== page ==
Homeschool Law

NOI 

Summary of the Law

(Nothing herein should be construed as the giving of legal advice. For legal advice, we would recommend that you consult an attorney.)

Compulsory Attendance Ages:

The Colorado compulsory attendance law requires students from ages 6 (by August 1) to 17 to attend public school. Therefore all children within these ages must be enrolled in a public school, a private school or abiding by one of the following homeschool exemptions to the compulsory education law listed below.

There are exceptions for homeschoolers to the stated ages of this compulsory attendance law who are using the Notice of Intent.  An exemption must be in place for students who are age 6 by August 1st, but teaching does not need to begin until age 7. Also, for those following the Notice of Intent exemption, students can be finished with school at age 16. Homeschoolers enrolled in an independent school should follow the age requirements for that school.

 

According to Home School Legal Defense Association’s August 1998 publication on Colorado’s Homeschool Law, there are 3 options for homeschoolers in Colorado:

  1. Option A: File a Notice of Intent and follow the homeschool law. (Home school statute CRS – 22-33-104.5.) This notice of intent is required 14 days before establishing the homeschooling program and annually thereafter. The notice must include names, ages, residence, and hours of attendance of the children taught. A sample notice of intent can be found on this page.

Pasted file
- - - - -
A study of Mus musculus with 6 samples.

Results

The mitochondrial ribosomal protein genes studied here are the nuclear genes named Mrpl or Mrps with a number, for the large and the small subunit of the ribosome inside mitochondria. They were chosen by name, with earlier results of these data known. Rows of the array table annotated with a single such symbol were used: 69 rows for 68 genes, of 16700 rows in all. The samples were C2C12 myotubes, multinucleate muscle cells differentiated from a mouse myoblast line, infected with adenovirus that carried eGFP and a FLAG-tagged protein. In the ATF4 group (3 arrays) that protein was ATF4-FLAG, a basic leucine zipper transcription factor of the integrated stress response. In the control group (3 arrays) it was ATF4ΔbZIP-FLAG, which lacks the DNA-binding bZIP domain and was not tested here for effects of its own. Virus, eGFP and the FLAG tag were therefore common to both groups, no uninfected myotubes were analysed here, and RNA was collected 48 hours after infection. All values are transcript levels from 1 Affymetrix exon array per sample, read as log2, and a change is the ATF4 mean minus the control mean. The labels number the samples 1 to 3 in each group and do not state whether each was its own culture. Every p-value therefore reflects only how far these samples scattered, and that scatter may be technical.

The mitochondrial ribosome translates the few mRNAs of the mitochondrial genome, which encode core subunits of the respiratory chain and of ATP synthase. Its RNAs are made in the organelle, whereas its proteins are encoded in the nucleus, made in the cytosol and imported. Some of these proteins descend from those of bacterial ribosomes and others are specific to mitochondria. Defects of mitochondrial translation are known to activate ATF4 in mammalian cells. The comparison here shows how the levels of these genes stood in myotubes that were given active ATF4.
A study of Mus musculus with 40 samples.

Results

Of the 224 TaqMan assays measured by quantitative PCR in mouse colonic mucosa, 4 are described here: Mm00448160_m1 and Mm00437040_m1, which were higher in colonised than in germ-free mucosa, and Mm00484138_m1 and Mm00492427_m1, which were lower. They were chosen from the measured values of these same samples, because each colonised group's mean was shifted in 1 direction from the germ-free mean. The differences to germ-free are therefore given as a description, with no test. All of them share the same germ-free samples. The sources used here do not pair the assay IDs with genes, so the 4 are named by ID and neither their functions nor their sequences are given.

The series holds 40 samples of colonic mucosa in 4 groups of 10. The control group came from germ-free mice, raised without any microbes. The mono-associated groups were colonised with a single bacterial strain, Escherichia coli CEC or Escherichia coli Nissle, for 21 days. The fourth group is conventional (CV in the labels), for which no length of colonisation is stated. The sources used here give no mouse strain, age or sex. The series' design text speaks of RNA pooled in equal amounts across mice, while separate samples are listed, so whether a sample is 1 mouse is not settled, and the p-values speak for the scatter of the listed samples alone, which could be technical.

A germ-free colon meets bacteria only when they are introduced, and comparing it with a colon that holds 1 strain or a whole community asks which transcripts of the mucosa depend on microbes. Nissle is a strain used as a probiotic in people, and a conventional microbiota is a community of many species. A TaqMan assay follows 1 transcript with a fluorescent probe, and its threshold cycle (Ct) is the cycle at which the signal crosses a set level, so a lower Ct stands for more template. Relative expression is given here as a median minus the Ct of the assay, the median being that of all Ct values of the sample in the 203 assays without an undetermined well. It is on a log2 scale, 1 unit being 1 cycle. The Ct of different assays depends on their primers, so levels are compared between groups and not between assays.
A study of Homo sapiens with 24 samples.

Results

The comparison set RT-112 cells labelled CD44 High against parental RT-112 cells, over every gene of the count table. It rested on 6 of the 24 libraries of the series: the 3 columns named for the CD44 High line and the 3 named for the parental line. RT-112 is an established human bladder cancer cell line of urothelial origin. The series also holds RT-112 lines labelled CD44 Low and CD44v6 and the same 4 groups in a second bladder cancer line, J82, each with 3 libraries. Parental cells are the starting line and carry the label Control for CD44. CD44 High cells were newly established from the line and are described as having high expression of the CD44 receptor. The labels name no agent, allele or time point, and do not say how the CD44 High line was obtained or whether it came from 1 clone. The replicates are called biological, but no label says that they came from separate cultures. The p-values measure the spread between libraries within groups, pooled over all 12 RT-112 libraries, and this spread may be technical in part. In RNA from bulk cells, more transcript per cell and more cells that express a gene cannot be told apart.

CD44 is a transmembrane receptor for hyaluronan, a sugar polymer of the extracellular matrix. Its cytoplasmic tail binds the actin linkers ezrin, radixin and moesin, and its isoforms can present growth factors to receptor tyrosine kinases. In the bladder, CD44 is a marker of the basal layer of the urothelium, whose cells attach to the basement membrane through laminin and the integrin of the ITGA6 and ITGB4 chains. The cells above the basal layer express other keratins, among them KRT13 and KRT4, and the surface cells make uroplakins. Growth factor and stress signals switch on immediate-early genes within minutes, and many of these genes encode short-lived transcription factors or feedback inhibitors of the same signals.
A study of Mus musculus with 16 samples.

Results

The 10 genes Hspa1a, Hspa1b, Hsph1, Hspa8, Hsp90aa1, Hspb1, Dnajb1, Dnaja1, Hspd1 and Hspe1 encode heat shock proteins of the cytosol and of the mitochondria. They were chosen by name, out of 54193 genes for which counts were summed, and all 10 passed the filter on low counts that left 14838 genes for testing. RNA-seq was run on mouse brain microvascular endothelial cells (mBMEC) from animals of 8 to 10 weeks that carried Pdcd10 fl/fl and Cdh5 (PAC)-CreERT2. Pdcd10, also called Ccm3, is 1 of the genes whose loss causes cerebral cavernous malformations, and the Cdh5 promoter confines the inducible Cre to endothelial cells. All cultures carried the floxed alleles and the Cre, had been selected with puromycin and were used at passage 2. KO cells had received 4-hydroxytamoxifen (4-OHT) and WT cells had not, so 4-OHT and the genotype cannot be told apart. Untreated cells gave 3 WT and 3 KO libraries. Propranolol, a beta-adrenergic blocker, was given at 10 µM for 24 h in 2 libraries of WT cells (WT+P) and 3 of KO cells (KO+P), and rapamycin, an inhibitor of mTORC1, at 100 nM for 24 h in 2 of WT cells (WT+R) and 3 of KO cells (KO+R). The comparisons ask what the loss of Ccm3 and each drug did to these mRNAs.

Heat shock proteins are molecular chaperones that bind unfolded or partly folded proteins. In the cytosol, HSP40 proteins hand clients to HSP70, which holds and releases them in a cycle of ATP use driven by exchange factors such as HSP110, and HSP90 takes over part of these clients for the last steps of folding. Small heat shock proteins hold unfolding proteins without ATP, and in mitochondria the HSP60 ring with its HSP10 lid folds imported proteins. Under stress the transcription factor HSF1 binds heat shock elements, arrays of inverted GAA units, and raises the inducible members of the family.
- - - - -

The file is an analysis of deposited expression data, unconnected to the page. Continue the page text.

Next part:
2. Option B: Enroll with a Colorado “independent school” and teach your child at home.  Under this option you must follow the school’s requirements, not the homeschool law. A list of independent schools is available here. This usually requires a fee of $30-$200 per year paid to the independent school.
  3. Option C: Obtain a current Colorado teaching license and teach your children at home as a licensed teacher in the state of Colorado.

Homeschooling a child with a Public School IEP?

If your child has an IEP at the time you withdraw him or her to homeschool you should send an IEP Withdrawal Letter along with your Notice of Intent. This sample letter was created by HSLDA and has specific instructions for its use.